The Problem for NYC Cabbies Isn't Uber. It's Government.
The New York City municipal government has spent the last 80 years claiming to protect taxi drivers’ livelihood, but has actually been waging war on their ability to earn an income. Unfortunately, it has taken the suicide of eight taxi drivers in 2018 to make the city realize that its approach isn’t working.
Since 1937, the NYC government has kept the number of taxi medallions — government permission slips to operate a yellow cab in the City — at a fixed number. Even as the city’s population jumped from around 7 million to over 8.5 million, the number of cabs remained constant at 13,587. And as demand for taxis grew ever higher, the value of a medallion reached outrageous heights. At the taxi bubble’s peak in 2014, a medallion cost $1.3 million dollars.
If a driver can’t find a way to finance this purchase, he can’t drive a taxi. Imagine having to pay $1.3 million dollars in order to begin your job. Believing that it would be a safe investment, many cabbies paid out their life savings or took out cosmic loans to secure this token.
The price for a medallion has dropped over a million dollars in the past five years. Medallions now hover around $200,000. That’s why, in late February, two Democrat members of the New York City Council, Ydanis Rodriguez and Ruben Diaz Sr. proposed their plans to bail out taxi drivers, offering drivers cash in exchange for decades of suppressing their livelihood.
Enter ride-sharing apps. If you’ve ever been in midtown on a rainy day or tried to hail a cab on a side street in Brooklyn, Queens, or the Bronx, you know why New Yorkers tired of waiting for the familiar yellow cars. Uber and Lyft found a way to answer the needs of New Yorkers in a way that an inflexible taxi system could not, and New Yorkers began to use ride-sharing apps instead.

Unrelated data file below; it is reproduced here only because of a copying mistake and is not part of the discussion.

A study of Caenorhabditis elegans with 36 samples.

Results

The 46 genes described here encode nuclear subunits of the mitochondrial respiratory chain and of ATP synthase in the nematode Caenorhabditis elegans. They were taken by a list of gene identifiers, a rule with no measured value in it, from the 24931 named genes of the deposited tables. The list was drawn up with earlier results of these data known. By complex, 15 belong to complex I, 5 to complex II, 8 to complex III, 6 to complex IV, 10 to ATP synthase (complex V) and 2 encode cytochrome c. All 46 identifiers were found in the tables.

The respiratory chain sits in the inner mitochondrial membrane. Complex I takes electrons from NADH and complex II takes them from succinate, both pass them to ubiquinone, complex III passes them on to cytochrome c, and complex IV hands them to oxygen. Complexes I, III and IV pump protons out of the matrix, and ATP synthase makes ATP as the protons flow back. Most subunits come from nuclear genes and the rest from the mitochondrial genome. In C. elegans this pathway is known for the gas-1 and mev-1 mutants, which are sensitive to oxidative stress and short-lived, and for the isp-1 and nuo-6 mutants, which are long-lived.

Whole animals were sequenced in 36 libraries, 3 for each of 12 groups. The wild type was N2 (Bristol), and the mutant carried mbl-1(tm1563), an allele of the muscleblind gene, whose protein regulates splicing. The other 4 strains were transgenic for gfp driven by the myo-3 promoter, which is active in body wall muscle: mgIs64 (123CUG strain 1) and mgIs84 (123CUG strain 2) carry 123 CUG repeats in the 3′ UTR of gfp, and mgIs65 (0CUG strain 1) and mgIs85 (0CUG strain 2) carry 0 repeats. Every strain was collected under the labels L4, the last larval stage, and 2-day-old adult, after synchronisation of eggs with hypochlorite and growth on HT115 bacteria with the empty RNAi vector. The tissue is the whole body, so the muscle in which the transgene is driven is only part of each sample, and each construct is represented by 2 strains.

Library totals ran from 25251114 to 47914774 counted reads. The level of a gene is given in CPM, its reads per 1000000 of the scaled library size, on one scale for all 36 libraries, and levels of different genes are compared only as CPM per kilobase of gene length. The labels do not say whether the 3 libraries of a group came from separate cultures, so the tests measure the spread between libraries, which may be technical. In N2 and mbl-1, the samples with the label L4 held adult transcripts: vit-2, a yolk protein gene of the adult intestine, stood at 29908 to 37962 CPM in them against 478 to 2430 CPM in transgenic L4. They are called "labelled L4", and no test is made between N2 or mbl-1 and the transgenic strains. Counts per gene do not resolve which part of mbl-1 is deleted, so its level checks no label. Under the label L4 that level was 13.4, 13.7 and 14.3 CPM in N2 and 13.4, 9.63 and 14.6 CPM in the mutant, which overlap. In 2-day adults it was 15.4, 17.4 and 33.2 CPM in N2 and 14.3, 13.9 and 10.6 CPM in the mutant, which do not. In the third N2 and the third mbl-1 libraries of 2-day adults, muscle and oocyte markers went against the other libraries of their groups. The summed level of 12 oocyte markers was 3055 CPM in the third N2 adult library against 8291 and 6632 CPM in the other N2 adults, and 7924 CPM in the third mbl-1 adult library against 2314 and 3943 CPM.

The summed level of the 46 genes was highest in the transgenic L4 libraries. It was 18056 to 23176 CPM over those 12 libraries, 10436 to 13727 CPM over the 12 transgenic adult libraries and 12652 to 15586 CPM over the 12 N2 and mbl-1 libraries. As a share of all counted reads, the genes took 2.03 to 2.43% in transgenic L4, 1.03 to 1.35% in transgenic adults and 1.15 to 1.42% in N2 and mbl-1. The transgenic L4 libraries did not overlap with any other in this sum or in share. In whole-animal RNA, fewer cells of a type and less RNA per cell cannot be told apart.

In Uber and Lyft, taxi interests found a convenient scapegoat for the stresses of drivers $1 million in debt. New York wages war on ride-sharing apps by capping the number of cars allowed to offer rides to New Yorkers, creating a high minimum wage for app-based drivers, and heaping growing taxes and fines onto platform-based rides. Mayor de Blasio took to Twitter, blamingUber and Lyft for the taxi industry’s problems: “The unchecked growth of app-based for-hire vehicle companies has demanded action — and now we have it.” This tweet went out right after the City Council approved higher minimum wages and restrictions on the number of Ubers in NYC. He follows an unimaginative line of public figures who wrongly place the blame for taxi drivers’ plight on competition, instead of the uneven playing field that New York’s government forced taxis to play on.
Councilmen Rodriguez and Diaz sought a way to end the medallion madness — but their fix doesn’t address the root problem. By offering to buy out taxi medallion owners, they’re merely emulating the disastrous bailouts of the 2008 financial crisis which left the faults of regulators and entrenched businesses unrecognized, and taxpayers unhappy as they paid for others’ mistakes. It’s also unclear why the municipal government is considering a fund for taxi driver buyouts, when they declined a goodwill fund of $100 million that Uber, Lyft, and Via offered to create for taxi drivers late last year. The private companies wanted to help those who were struggling in the new environment, but it seems that the municipal government wants to be the only one helping taxi drivers.
Furthermore, the federal courts have already ruled on this issue in the 7th Circuit. As Justice Richard Posner said in the unanimous decision against bailing out taxi drivers, “property’ doesn’t include a right to be free from competition.” He’s right, of course. Taxi drivers are free to buy and own a medallion, but their medallion doesn’t entitle them to a monopoly.
New York City’s local government has positioned itself as an opponent to progress and innovation during what could have been an era of massive growth for taxis in New York City. Now, cab drivers and their passengers alike are hurting from regulations.
A less restrictive economic environment in New York could offer hope to future drivers. What if properly vetted drivers could pursue a low-cost way to enter the market and give rides to the millions of New Yorkers who are rushing from place to place? The past five years should have taught New York’s government a tough lesson — but they still haven’t learned. And for that, the city is paying the price.
Abigail Narbe is a contributor at Young Voices. She’s a New York native who studied economics, politics and philosophy in New York City. Abigail now lives in Washington, DC, where she works at a D.C.-based think tank.